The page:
Americans hoping to leave Israel with help from US must agree to repay government before departure

ByZach Fuentes KABC logo
Friday, October 13, 2023
US to help Americans leave Israel but there's a catch
Americans hoping to leave Israel with help from U.S. must agree to repay the government before they leave the war zone.

SAN FRANCISCO -- As many Americans in Israel try to get home, they're faced with more than just the challenge of how and when they can get a flight.

"I've only been here about a week and a half, it feels like it's been like almost a lifetime," said Manny Yekutiel the locally known owner of Manny's in San Francisco.

He first got to Israel last Wednesday.


Instead he says it's been a living nightmare.

"Saturday, I woke up in my sister's home and heard sonic booms overhead and spent that entire day in and out of bomb shelters," he said. "I saw hundreds of children in synagogues run for cover, and protect themselves and have their parents protect them. I've stayed in Tel Aviv, two blocks away from an apartment that was blown up by a missile strike."

For the last four days, he's spent time volunteering in Tel Aviv.

He and the other volunteers packaging up food, and other essentials for soldiers and families who have lost loved ones.


"I've decided to be as useful as I can," he said. "And also, now I'm in the stage where I'm trying to figure out how, if I can get home?"

Yekutiel was originally supposed to come back Monday night but says he's had multiple flights canceled on him since.

The Department of State said in a statement Thursday that starting Friday, the U.S. government will arrange charter flights to assist U.S. citizens trying to leave Israel.

Thursday, Yekutiel was sent an email from the department outlining more details.

"It basically said, I'll be getting a phone call, and I'll either be getting on a boat or a plane and I don't have a choice (between the two) and to be ready to go," said Yekutiel.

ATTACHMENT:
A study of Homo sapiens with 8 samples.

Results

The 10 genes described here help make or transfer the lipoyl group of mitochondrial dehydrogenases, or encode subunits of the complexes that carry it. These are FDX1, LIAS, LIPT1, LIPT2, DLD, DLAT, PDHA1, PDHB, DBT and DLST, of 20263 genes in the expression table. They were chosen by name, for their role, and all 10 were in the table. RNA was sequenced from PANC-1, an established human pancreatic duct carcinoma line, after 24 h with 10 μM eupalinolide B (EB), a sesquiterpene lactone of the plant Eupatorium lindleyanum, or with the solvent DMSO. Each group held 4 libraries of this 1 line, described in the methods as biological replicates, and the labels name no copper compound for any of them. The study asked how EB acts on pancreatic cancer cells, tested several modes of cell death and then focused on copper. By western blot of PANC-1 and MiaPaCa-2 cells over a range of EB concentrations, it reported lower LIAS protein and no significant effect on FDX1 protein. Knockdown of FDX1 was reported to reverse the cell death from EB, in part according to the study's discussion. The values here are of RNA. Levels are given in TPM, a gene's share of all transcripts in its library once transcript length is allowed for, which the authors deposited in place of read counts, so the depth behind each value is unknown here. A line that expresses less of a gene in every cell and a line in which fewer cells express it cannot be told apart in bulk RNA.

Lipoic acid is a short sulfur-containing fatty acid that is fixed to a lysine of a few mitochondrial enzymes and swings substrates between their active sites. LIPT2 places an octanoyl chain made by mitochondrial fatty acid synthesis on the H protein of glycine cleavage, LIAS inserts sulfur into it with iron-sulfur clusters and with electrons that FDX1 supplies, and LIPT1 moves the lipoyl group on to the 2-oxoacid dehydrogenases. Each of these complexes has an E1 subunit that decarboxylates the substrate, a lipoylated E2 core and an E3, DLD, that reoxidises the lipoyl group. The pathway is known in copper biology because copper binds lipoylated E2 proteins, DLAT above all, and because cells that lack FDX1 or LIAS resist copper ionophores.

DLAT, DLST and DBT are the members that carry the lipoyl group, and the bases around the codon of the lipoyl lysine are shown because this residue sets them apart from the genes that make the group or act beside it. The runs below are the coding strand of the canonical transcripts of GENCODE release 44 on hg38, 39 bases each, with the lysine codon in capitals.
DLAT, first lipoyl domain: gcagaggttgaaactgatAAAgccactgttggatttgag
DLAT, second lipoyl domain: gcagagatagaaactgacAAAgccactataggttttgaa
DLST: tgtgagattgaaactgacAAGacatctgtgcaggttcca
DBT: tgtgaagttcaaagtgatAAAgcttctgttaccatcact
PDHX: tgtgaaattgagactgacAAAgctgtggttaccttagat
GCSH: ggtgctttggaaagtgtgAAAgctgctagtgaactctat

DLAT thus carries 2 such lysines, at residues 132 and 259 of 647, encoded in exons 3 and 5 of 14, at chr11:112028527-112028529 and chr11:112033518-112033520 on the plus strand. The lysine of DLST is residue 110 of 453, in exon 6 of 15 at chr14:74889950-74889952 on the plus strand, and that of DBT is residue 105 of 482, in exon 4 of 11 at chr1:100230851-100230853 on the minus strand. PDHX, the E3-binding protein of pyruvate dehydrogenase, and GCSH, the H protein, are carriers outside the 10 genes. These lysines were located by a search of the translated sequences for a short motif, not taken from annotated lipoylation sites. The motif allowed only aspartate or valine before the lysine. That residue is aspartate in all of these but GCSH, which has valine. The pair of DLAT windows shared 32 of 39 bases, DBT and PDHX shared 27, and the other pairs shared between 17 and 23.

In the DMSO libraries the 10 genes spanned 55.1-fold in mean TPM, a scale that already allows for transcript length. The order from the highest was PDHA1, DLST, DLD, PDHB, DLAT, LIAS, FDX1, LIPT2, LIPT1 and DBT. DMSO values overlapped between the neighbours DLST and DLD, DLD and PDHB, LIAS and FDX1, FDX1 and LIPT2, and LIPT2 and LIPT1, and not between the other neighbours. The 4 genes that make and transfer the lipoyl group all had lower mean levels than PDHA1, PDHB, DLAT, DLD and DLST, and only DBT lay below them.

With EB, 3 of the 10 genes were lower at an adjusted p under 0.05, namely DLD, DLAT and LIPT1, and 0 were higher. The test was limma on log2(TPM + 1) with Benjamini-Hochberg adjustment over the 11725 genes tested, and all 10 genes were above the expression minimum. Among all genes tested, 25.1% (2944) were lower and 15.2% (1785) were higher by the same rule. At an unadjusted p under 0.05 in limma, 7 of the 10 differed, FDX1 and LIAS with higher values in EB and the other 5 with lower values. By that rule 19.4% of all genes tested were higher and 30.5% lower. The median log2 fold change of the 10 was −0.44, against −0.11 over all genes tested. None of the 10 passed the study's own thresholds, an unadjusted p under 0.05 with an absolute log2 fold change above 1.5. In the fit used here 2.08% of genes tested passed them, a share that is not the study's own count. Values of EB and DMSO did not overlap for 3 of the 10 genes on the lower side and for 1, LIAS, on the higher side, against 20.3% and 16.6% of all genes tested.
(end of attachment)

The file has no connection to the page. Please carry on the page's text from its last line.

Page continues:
Yekutiel shared that email with ABC7, sent from a U.S. government email address.


Getting back to the U.S. after that is on Manny. The email says before departing, passengers will be asked to sign an agreement to repay the U.S. government.

We reached out to the State Department to verify the email, they referred us back to the Thursday statement.

Yekutiel says he still has not had time to process what he's witnessed but it's forever changed how he views his life back in the United States.

"Warfare, whole cities being shut down, whole cities being evacuated," he reflected on the last few days in Israel, "It just makes the things that people find important to fight about in the Bay Area, it puts them in perspective."

Guidance from the U.S. State Department on how to access Departure Assistance:

  • U.S. citizens who wish to leave Israel on their own and can do so safely should check the status of the border crossings or verify flights have not been cancelled before heading to the Ben Gurion Airport. Commercial flights are available but limited. The U.S. State Department encourages U.S. citizens who wish to leave Israel to take advantage of those options now.
  • For U.S. citizens who choose to take advantage of U.S. departure assistance, transportation may be by air or sea and will be to a nearby safe location and not to the United States.
  • U.S. citizens seeking U.S. government-provided departure assistance should contact the State Department by using the crisis intake form on or by calling 1-833-890-9595 (toll free) or 1-606-641-0131.
  • The State Department has a team communicating 24/7 with U.S. citizens and providing them assistance through phone calls and the online form. If U.S. citizens have departed Israel, the State Department asks them to submit an update to the form noting their departure.
  • Travelers should be prepared to arrange their own lodging at the safe location and pay for their own onward travel from the third country to their chosen destination. The State Department will have consular officials on hand to assist travelers upon arrival.
  • Departure assistance is provided via a loan from the U.S. government, which requires travelers to sign a promissory note (an agreement to repay) prior to departure.
  • U.S. citizens should not go to a seaport, airport, or other departure location until notified by the State Department directly. Travel within Israel is conducted at the person's own risk, and plans may change depending on the security situation.
  • The State Department strongly encourages U.S. citizens in Israel to enroll their contact information in our Smart Traveler Enrollment Program (STEP).
  • Further updates can also be found from the U.S. Embassy in Israel here.